However, Jesus did not permit him, but said to him, “Go home to your friends, and tell them what great things the Lord has done for you, and how He has had compassion on you.”  Mark 5:29 (NKJ)

It was an evening of getting to know one another better.  Post planned ministry and dinner,  we now sat around in our pajamas feeling  almost guilty about the abundance of unfamiliar free time and handfuls of  M&M’s we were enjoying.   Having left our jobs, husbands and children at home for the weekend  it seemed strange to for once only be responsible for ourselves.

Conversation started slowly. Consistently dripping like a faucet with a leak, sourcing from the typical matters of life.  Beginning in those places where we do when someone asks us “how are you?” this question somehow compels us to share about our children’s sports teams, our job and our husbands latest project around the house. With so much going on as women we  often don’t have the luxury to consider “how we are.”  It was as if we all knew we were broaching the borders of new places of  relational intimacy and this caused us to tiptoe rather than run.

As the night progressed, casual conversation transformed into something more.  As women had  exchanged their street clothes for their jammies, they, as well, began to shed their emotional defenses and reserve for authenticity and transparency.   One by one each woman began to share their heart.  Minutes turned to hours as we realized how much easier it was to get to know each other outside the confines of before and after church.  Heartaches, concerns and fears were shared openly and honestly as others offered love and encouragement.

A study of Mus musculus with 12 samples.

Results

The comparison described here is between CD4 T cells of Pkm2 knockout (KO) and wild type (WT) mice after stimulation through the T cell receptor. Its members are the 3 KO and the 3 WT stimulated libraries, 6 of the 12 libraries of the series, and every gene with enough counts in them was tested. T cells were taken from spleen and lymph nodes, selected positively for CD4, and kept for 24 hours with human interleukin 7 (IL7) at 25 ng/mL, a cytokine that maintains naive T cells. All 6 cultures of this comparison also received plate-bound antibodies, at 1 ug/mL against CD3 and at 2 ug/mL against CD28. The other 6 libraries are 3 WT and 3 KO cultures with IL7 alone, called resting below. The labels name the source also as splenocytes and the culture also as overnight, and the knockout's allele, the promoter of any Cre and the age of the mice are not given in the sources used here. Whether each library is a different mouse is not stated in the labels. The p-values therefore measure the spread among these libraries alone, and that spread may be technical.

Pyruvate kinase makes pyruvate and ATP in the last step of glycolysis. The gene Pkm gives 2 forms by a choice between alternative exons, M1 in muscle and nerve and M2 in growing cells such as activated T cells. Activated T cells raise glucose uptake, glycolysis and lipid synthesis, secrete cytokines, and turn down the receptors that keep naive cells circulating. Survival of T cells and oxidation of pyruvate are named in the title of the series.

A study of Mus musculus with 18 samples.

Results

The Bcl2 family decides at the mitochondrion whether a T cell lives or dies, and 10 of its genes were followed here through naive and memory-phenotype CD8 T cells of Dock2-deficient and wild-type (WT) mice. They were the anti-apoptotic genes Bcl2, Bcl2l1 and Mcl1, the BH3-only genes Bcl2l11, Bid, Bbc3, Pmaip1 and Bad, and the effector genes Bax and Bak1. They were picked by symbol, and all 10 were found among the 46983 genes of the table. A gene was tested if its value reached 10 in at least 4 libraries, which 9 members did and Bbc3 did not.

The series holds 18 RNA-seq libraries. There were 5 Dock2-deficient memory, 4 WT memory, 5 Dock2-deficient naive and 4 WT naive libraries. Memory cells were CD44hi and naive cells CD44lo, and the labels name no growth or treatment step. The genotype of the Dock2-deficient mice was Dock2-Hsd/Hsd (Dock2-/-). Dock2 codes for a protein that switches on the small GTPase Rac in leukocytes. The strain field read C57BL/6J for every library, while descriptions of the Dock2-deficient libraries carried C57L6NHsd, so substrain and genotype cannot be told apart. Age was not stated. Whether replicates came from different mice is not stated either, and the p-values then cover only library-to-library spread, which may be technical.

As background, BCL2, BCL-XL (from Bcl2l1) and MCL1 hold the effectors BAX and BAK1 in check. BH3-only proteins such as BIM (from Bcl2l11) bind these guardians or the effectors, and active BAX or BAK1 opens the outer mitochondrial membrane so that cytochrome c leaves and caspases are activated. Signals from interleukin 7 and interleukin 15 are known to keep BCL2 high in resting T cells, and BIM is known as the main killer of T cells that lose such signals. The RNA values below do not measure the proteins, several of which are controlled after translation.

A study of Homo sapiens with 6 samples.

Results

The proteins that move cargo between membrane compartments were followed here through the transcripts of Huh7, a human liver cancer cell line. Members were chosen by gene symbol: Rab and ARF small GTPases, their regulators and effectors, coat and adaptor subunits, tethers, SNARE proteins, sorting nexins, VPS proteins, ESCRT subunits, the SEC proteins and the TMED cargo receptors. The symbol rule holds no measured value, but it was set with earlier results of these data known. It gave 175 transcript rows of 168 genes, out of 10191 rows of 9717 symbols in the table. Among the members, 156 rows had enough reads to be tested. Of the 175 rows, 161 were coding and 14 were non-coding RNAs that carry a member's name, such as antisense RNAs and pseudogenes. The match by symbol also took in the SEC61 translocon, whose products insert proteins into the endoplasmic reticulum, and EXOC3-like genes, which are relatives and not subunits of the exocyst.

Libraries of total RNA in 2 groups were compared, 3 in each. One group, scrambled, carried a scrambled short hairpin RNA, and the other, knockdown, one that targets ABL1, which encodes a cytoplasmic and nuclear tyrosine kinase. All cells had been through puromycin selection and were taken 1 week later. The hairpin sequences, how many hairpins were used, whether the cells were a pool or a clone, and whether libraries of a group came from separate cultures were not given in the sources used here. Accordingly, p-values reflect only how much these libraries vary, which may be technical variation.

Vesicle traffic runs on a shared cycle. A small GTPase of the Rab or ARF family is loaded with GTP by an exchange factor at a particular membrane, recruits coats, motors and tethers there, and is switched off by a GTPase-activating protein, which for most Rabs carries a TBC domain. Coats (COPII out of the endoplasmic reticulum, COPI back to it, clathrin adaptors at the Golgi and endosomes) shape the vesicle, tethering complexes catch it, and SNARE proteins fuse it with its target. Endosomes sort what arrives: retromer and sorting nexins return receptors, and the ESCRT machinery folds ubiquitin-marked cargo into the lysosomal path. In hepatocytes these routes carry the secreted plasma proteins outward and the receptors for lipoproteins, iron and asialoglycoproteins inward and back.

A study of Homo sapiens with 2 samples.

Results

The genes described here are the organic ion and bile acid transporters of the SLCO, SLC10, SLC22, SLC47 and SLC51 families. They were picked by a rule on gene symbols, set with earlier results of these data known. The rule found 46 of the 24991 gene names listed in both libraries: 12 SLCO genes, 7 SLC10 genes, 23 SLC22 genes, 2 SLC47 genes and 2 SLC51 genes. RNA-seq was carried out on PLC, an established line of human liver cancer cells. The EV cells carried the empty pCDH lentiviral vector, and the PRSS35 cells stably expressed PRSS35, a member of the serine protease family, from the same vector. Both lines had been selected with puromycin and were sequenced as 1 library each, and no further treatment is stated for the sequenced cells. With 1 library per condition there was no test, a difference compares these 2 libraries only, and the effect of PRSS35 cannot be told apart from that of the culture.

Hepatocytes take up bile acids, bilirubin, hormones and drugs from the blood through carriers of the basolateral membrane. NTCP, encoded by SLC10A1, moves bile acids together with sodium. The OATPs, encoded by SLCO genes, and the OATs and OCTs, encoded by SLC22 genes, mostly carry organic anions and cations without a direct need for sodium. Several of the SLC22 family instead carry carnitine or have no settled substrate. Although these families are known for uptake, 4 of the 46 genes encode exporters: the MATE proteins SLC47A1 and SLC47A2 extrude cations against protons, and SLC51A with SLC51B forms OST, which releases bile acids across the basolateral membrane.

Eventually, we arrived at the destination of testimonies. Going farther back, “how did you meet you husband” was replaced with “how did you meet your Christ?”  It was here that we seemed to run into a little impasse’.

Some of the women shared openly of their coming to the Lord; dramatic stories of rescue, change and  transformation as a result of salvation touched everyone’s hearts.  Other women, while listening, seemed to become obviously uncomfortable and awkwardly silent.  As we made our way around the circle finally landing on one fidgety sister, looking up only briefly she said,

” I don’t really have a testimony.”  With a regretfully dismissive tone that was almost apologetic she shared that she had known the Lord her whole life.  Growing up in a household where her parents were believers she could not ever remember a time that prayer, church and the Word of God was not a part of who she was.

It was obvious that she felt that this was a less than acceptable offering in the midst of our salvation stories.  I looked at her and in a gentle voice assured her that of all the testimonies in the entire room, my heart would be that the testimony of my own daughter would look most like hers.

There was nothing “less” about her testimony at all and the non-dramatic elements of her salvation did not have the ability to delete the miraculous beauty of her redemption.  For salvation itself is a dramatic event.  In a single moment we exchange guilt for grace, bondage for freedom and a life separated from God to one in which we are never without Him.  Whether you accept Him at 5, 55, or 105 the value is no less significant, amazing or tremendous.

Whether it is what He saved you from or what He has walked you through, your testimony is powerful and able to be used by God to minister to others.

Father, thank you for what you have done in my life.  Help me be attuned to opportunities to share my testimony with others for the sake of helping them know you better.